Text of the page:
The fight or flight response is now called the fight, flight or freeze response. Stress specialists around the world are adding the word freeze to the name regarding the fact that instead of fighting or fleeing, occasionally we tend to freeze during traumatic situations.
The fight or flight response is about survival. It gives us an extra boost of energy or adrenaline when we need it. We activate it when we believe there’s a chance we can outrun or outfight our attackers. The freeze response, however, gets activated when we think that there is no hope for us to either escape or go into battle during emergency situations.
The fight or flight response has been around since the prehistoric times, where our ancestors had to use conserved energy in their bodies to gear up and run or defend themselves against enemies. The response is very adaptive because it allowed our ancestors to survive through centuries.
However, the freeze response works differently. When we’re overwhelmed by an enemy, and we decide that there is no hope for us to escape and there is no chance for us to win if we battle the enemy, the survival mechanism that our body does is to freeze.
To understand about the freeze response, researchers funded by the National Institutes of Health were tasked to study the freeze response in mice. The researchers described a new circuit involved in fine-tuning the brain’s decision either to hide or confront threats.
Jim Gnadt, Ph.D., Program Director at the NIH’s National Institute of Neurological Disorders and Stroke (NINDS) said that being able to manipulate specific circuits can uncover surprising relationships between brain areas and provide great insight into how the sensory, emotional, and behavioral centers work together to drive reactions. The tools and technologies developed through the BRAIN Initiative have made studies such as this one possible.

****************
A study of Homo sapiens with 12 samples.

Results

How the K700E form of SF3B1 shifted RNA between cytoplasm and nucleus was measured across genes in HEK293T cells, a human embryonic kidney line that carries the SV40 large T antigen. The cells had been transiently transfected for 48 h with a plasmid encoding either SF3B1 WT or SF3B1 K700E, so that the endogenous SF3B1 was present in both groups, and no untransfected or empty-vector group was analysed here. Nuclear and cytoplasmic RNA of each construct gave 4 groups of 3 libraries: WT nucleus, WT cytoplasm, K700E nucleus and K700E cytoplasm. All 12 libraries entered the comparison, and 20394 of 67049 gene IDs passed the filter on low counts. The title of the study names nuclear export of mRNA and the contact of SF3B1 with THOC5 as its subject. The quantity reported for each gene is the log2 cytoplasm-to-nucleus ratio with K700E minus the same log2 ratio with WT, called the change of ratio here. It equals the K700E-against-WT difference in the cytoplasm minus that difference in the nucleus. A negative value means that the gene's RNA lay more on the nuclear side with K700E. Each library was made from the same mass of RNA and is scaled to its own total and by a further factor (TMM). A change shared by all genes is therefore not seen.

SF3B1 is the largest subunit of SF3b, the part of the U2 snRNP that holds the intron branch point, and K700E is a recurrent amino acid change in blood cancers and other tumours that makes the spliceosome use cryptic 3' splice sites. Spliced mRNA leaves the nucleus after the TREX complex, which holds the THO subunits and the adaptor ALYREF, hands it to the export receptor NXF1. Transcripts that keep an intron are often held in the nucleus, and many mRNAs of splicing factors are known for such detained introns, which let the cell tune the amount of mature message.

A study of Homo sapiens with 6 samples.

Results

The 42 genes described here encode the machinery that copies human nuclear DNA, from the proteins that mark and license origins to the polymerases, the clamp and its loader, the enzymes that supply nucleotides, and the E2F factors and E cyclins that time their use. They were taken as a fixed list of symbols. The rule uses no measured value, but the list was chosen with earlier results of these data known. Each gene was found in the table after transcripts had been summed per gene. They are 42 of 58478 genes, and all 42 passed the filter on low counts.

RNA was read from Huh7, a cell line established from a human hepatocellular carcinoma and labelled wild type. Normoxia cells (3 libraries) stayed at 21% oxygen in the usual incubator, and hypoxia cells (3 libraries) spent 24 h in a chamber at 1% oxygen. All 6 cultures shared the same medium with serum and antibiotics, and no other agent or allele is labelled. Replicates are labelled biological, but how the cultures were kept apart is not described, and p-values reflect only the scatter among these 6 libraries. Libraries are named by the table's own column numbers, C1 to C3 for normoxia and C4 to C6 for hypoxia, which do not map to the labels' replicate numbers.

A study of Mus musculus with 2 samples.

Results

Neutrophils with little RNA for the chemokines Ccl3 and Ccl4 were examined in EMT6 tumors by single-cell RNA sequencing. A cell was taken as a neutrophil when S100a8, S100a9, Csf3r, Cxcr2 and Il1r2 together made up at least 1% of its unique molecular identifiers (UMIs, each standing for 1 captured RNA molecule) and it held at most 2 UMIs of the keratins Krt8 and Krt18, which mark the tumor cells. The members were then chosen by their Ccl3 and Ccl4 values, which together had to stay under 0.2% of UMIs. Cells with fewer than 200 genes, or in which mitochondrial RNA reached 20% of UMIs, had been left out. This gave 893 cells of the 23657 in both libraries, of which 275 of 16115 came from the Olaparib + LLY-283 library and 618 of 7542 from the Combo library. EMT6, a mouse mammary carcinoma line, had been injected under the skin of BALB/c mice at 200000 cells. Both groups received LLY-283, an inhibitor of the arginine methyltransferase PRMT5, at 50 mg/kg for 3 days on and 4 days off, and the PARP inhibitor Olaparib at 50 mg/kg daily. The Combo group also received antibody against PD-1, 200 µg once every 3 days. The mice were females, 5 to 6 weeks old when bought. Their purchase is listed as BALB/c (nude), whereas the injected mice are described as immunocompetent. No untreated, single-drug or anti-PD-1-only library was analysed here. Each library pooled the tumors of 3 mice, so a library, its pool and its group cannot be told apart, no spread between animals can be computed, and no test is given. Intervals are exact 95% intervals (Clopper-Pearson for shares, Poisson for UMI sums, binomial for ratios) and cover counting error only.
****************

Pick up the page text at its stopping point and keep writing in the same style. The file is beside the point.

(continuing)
Dr. Andrew Huberman, Ph.D., Professor of Neurobiology and Ophthalmology at Stanford University in California and his team of researchers investigated the role of the Ventral Midline Thalamus (vMT) in determining how animals respond to visual threats. The thalamus is a brain region that acts as a relay station, taking in sensory information, such as what is seen and heard, and sorting out where in the brain to send that information.
Dr. Huberman and his team showed that the vMT was activated when mice were confronted with a threat, precisely a black circle that grew larger on top of their cage, mimicking the experience of something looming over them. When faced with the looming threat, the mice spent most of the time freezing or hiding and very little time rattling their tails, which is typically an aggressive response.
Dr. Huberman said that the study might help explain why acts of courage, such as standing up for yourself or a cause, or a physical challenge can feel empowering. Experiencing that satisfying feeling can also make it more likely to respond to future threats similarly. He added that although their study was done in mice, learning more about the vMT may provide some insight into conditions such as generalized anxiety disorder and post-traumatic stress disorder and we are now pursuing the study of the human vMT for that reason.